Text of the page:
I had the opportunity to attend the launch event of Green Dot’s new GoBank yesterday (1/15/13) in San Francisco and came away quite intrigued. Sure, there are a plethora of financial services targeting the unbanked and underbanked, but what I found most interesting was Green Dot’s focus on the “unhappily banked” and those new to the banking system, like my two teenage sons. If fact, I found myself listening to the product introduction through the eyes and ears of my 17 and 20 year old kids in an effort to gauge how appealing GoBank would be relative to the accounts I already opened for them with Wells Fargo and PayPal.
Steve Streit, Green Dot’s CEO, started by laying out how he views the banking landscape today – his perspective on fee-laden big-bank checking (citing a report showing an average of 38 separate checking-related fees as well as the huge percentage of people who simply distrust and hate their banks), online banks (saying online banks are not designed for low balance, transactional banking), credit unions (small ATM footprint), and non-banks such as Simple, Movenbank, and AmEx Serve/Bluebird. He pointed out that non-banks solutions are often innovative, and are low cost to consumer—but there were drawbacks as well, such as the lack of FDIC insurance, etc.
Steve contrasted GoBank to non-banks and startup ventures several times, reinforcing his point that by being a bank itself, Green Dot wasn’t just a program manager for third-party providers, nor were customers at risk of dealing with a startup. He was quite adamant in his belief that customers would prefer to deal with an FDIC-insured bank that would be able to offer more innovative products and better pricing. And he did, of course, compare GoBank’s features and appeal to prepaid products, currently their core business, noting where prepaid falls short on functions and features.
Green Dot is positioning GoBank as a new brand in a new product category.
Starting with a blank canvas, it was designed from a mobile perspective, leveraging the talent from Loopt, which Green Dot acquired in early 2012. Customers, for example, can opt to check their balances on the app’s home screen (“80% of interactions”) without logging in. Ditto with finding nearby free ATMs. The company is also stressing how easy and fast it is to enroll and use the service from a mobile device, designing the service with no assumption about the customer having access to a traditional computer-based browser.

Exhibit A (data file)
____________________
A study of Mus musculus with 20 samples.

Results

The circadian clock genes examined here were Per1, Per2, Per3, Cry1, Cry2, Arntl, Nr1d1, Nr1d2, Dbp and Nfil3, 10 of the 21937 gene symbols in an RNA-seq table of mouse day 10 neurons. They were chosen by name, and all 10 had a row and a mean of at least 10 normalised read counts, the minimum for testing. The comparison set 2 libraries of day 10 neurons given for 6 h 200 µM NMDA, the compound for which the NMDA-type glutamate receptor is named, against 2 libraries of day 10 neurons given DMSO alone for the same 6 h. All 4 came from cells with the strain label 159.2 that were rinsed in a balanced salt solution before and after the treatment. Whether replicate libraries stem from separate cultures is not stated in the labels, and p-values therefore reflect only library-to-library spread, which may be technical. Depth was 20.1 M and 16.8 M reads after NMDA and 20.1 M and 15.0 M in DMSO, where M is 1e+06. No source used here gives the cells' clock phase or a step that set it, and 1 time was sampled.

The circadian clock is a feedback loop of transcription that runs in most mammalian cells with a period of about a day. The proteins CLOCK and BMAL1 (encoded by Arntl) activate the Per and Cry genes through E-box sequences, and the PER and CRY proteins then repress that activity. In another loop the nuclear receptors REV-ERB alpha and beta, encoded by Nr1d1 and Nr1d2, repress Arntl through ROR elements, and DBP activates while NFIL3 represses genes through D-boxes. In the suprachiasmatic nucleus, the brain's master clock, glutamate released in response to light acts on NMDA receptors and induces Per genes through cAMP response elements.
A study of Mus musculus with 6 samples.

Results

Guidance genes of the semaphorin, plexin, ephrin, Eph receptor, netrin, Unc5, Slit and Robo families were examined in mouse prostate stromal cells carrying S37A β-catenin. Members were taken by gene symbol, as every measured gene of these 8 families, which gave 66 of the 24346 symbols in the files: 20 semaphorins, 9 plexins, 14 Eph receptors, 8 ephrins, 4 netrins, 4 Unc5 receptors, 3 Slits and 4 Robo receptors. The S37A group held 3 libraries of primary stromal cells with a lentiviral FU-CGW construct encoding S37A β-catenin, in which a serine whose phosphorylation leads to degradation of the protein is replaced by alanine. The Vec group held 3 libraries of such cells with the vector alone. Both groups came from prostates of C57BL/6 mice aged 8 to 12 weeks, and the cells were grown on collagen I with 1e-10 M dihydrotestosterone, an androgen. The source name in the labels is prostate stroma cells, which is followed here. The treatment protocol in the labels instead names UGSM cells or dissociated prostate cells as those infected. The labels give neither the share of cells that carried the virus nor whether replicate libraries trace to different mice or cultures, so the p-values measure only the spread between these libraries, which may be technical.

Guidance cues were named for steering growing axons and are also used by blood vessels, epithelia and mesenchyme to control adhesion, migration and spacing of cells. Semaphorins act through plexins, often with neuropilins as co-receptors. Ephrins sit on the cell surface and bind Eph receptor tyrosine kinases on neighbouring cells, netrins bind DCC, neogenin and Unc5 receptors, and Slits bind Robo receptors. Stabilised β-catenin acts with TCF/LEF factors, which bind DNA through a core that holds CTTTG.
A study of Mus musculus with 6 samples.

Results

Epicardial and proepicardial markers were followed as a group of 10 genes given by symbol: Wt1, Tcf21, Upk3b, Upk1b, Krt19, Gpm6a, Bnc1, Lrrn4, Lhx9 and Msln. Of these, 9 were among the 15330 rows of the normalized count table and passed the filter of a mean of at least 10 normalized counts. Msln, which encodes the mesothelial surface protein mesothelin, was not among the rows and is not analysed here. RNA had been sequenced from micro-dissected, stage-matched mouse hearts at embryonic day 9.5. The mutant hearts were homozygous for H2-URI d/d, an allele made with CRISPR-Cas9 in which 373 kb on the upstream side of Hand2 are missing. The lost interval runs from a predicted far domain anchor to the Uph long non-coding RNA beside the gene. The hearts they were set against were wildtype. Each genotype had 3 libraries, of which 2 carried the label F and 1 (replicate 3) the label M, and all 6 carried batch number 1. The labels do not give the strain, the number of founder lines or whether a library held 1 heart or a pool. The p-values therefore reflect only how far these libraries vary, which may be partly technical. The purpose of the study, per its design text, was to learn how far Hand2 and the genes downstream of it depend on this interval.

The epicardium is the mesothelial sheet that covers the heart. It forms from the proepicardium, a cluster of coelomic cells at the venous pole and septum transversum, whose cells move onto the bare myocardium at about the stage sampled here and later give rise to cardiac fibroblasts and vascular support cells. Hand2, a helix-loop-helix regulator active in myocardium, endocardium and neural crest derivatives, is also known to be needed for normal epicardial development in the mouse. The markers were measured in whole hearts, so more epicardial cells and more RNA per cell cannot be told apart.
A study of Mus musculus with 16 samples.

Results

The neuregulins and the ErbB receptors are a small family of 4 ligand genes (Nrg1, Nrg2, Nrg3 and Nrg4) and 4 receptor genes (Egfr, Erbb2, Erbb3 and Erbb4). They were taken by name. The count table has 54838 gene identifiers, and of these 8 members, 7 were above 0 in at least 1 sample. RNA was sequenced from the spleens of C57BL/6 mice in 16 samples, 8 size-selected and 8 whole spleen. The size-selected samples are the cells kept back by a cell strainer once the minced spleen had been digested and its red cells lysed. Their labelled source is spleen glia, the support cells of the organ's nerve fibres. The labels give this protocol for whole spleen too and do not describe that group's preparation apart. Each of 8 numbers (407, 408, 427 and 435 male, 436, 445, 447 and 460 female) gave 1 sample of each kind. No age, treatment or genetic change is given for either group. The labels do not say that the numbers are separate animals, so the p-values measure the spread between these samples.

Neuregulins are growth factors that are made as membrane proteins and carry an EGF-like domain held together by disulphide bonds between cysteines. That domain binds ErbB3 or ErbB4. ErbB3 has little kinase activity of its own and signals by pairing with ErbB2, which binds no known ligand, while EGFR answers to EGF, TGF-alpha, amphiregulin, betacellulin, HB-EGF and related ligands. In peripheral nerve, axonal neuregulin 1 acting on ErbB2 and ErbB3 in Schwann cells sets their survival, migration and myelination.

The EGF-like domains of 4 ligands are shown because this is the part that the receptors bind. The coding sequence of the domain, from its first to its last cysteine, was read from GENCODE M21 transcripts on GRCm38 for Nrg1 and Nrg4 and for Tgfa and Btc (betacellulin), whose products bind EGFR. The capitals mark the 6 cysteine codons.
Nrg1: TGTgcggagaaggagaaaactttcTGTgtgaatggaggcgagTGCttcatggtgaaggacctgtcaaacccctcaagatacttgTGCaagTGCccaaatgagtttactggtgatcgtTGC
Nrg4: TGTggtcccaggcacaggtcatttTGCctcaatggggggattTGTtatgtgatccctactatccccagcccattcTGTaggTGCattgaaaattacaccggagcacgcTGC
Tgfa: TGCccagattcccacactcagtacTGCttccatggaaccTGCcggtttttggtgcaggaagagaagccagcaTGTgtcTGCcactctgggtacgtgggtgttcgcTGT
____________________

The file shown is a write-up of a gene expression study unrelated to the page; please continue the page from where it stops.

Some of the core features include the ability to send money to anyone via text, email, or Facebook. If your landlord or other intended recipients are not enabled for electronic bill pay, they’ll mail out a paper check.
They’re also emphasizing the ability to use 42,000 free ATMs in the US, and figure that quoted as over two times the ATM footprint of Chase and Bank of America. If customers use ATMs outside of the surcharge-free network, they’ll pay a typical $2.50 fee.
They demonstrated a personal budgeting tool, called “Fortune Teller”, with a cute, Schnauzer-based “can I afford it?” feature. Maybe a future release will give customers the option of taking financial advice from a cat.
Other features include the ability to add an integrated FDIC-insured savings account, robust and customizable alerts, the option to put a photo on the debit card (for a $9 fee), remote deposit capture, and the ability to add cash to the account for free at Walmart and other retailers. Funds can also be added from a debit card, as long as it belongs to either the customer or a parent.
From a revenue perspective, Green Dot is positioning the service as ‘fair” to consumers with no overdrafts fees, no penalty fees, and no minimum balance requirements. They have six revenue streams:
- Interchange on debit card purchases
- $2.50 out of network ATM fees/$1 for a balance check
- 3% foreign transaction fee (fairly typical)
- $9 to customize the debit card
- Voluntary monthly fees
Voluntary monthly fees is a new concept, especially in financial services! Green Dot described this approach as “fair” and “respectful” to the customer, and “putting the customer in control to either punish or reward the bank depending on how they feel about the bank at any point in time”. They didn’t show the user interface on this, but I imagine it to be a how-are-we-doing slider bar that lets the customer pay anywhere from $0 to $9 per month depending on their satisfaction. It will be interesting to see if customers continue to behave as they did in Green Dot’s market tests, paying something like $3/month. Either way, Green Dot says the product can be profitable without the voluntary fees.
Digging down a bit into the P2P transfer features, recipients that are not GoBank customers can receive their funds via PayPal, with no fees assessed on the sender or receiver.
So back to competitive positioning — Why Green Dot? From their perspective they’re now a bank and can market themselves as a bank. They’re in control of the product, functions, and features versus being a “third party reseller”. They’re already at scale from an infrastructure perspective. They have deep mobile expertise. They have requisite financial resources – $300M in cash, with no debt. They have a corporate culture of innovation (how many banks have the guts to proclaim that?). They believe they have efficient customer acquisition strategies (e.g., a distribution network of 60,000 retailers). Plus they have cash deposit locations.
All in all, Green Dot thinks GoBank can be bigger than their prepaid business. I can’t wait to try it. But the real acid test will be giving a GoBank account to my two teenagers to see how they like it. Stay tuned!